LOS ANGELES — Sean “Diddy” Combs called out the Grammy Awards for dissing rap and R&B stars in its major categories in a blazing speech that earned him a standing ovation from Beyoncé, Jay-Z and several other music industry players.


"So I say this with love to the Grammys, because you really need to know this, every year y'all be killing us man. Man, I'm talking about the pain. I'm speaking for all these artists here, the producers, the executives," he said. "The amount of time it takes to make these records, to pour your heart into it, and you just want an even playing field."

Over the years, the awards show has been criticized when top performing acts like Beyoncé, Kanye West, Eminem, Mariah Carey and others lose in major categories, including album of the year and best new artist. The rap and R&B stars often fall short of their pop, rock and country counterparts.

"In the great words of Erykah Badu, 'We are artists and we are sensitive about our (expletive).' We are passionate. For most of us, this is all we got. This is our only hope," Combs continued. "Truth be told, hip-hop has never been respected by the Grammys. Black music has never been respected by the Grammys to the point that it should be."

Rap, particularly, has had a longstanding losing streak at the Grammys, which celebrates its 62nd show Sunday. Only two rap-based albums — Lauryn Hill's "The Miseducation of Lauryn Hill" and Outkast's "Speakerboxxx/The Love Below" — have won album of the year. Last year's Grammys marked the first time a hip-hop song was awarded song and record of the year when Childish Gambino's "This Is America" achieved the feat. And only four rap acts have been named best new artist, including Hill, Arrested Development, Chance the Rapper and Macklemore & Ryan Lewis.

Questions loomed heavily over the Grammys' voting process this week after the academy's just-ousted CEO, Deborah Dugan, claimed that the awards are rigged and filled with conflicts of interest.

"So right now with this current situation, it's not a revelation. This thing been going on, and it's not just going on in music, it's going on in film, it's going on in sports, it's going around the word," Combs said. "And for years we've allowed institutions that have never had our best interest at heart to judge us. And that stops right now."

The 50-year-old ended with a stern message: "I'm officially starting the clock — y'all got 365 days to get this (expletive) together."

Combs, a three-time Grammy winner, earned the 2020 Grammy Salute to Industry Icons Award on Saturday night. He dedicated the prize to classic albums that didn't win the top Grammy Award: Michael Jackson's "Off the Wall," Prince's "1999," Beyoncé's "Lemonade," Missy Elliott's "Da Real World," Snoop Dogg's "Doggystyle," Kanye West's "Graduation" and Nas' "Illmatic."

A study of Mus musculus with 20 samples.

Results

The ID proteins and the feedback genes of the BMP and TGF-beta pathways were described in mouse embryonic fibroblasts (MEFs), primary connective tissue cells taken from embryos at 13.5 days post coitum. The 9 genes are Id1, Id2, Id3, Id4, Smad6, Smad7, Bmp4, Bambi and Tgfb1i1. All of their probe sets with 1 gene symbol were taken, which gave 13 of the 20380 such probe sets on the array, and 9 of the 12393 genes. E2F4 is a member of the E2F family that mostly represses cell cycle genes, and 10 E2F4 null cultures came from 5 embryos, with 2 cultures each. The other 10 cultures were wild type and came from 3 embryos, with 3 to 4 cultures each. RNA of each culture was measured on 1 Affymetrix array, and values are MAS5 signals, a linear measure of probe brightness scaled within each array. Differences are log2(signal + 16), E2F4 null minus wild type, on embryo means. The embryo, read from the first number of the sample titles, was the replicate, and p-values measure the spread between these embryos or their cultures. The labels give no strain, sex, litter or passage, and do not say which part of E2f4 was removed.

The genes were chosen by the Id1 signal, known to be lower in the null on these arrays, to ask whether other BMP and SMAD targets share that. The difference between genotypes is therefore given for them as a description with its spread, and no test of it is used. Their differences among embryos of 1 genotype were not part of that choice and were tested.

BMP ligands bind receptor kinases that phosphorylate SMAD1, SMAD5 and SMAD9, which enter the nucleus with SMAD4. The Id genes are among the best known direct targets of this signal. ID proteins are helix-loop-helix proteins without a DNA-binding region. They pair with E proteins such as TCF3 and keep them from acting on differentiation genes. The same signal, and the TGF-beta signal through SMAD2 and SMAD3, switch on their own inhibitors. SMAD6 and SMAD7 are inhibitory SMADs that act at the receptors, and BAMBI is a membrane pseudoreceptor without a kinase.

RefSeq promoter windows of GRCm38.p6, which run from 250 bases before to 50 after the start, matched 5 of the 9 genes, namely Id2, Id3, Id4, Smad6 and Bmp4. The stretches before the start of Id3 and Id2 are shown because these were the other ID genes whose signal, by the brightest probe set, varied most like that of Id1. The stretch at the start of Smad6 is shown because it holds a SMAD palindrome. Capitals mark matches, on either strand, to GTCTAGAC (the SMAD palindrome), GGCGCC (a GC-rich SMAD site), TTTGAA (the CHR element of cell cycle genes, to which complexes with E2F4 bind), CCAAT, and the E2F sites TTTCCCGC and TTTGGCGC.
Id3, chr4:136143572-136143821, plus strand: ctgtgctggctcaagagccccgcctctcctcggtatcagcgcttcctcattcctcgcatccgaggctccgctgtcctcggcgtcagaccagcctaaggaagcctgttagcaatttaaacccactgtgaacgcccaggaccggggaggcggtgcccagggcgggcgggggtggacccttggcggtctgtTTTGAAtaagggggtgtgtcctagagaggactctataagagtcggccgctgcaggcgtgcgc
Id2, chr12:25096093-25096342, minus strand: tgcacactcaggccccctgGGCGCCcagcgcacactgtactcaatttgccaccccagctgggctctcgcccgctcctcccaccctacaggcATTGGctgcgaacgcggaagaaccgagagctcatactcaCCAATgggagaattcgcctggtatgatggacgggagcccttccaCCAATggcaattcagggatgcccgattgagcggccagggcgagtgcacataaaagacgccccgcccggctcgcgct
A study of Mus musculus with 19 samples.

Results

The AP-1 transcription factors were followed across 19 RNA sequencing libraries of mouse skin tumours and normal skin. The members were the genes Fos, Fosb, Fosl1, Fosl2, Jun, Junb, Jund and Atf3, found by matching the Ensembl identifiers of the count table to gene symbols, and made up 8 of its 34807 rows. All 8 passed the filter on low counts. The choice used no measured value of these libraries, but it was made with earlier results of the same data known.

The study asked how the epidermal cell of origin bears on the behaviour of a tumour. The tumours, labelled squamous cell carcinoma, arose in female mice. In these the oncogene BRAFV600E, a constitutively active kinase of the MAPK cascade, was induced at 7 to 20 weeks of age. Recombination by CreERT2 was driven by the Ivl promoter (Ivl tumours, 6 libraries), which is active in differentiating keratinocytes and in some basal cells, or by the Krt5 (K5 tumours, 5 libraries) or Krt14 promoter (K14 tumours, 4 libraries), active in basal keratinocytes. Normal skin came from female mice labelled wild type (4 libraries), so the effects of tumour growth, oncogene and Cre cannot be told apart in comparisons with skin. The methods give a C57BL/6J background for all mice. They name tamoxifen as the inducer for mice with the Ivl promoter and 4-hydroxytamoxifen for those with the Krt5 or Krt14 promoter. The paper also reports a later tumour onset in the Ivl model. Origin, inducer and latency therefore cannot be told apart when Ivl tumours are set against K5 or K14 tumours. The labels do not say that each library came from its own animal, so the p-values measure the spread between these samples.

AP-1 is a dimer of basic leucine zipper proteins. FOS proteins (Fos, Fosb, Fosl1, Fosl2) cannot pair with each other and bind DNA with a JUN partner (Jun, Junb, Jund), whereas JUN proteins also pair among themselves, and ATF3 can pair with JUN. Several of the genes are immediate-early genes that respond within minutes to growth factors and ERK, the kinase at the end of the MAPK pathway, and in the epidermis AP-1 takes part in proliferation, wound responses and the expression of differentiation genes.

Combs, the founder of Bad Boy Records, received an all-star tribute from artists he's worked with, including Lil Kim, Mase, Faith Evans and Carl Thomas. The performance transformed the Beverly Hilton Hotel into a hip-hop jam session, with some people even dancing on top of chairs, including Usher, Wiz Khalifa and Combs himself.

Davis' annual gala, a not-so-easy event to get invited to, was jam-packed with well-known guests from a range of fields, including Speaker of the House Nancy Pelosi, Michael Douglas, Naomi Campbell, Cardi B, Berry Gordy, Herbie Hancock, Quincy Jones, Joni Mitchell, DJ Khaled, Smokey Robinson, Ozzy and Sharon Osbourne, Trevor Noah, Billy Porter and Wolfgang Puck.

Beck kicked off the multi-hour event with an energetic performance; others who hit the stage included Carlos Santana, Chance the Rapper, John Legend, Khalid and Cynthia Erivo, who sang Janet Jackson songs in tribute to the performer.

Jackson, who didn't receive an award but was honored for her musical achievements, said she's happy to still have a career in music.

"When I was getting dress this evening I thought about it and I said to myself, 'I've been in this industry for 47 years,'" the 53-year-old said. "That's a long time but I still enjoy going to work and I feel very blessed my journey ahead of me."

Though Cyndi Lauper wasn't honored Saturday, she also owned the show with an explosive performance of her classic hit song, "Girls Just Want to Have Fun," alongside singer-songwriter Brandi Carlile. She took off her shoes, leaving the stage to sit on top of a table where Jamie Foxx, Usher and others were sitting.

"Wait, stop, you're (expletive) dead," Lauper told the crowd in the middle of her performance. "You're in the music industry. Where the (expletive) is your lungs?"

She won over the crowd, which fully participated by dancing out of their seats, singing along and — yep — having fun.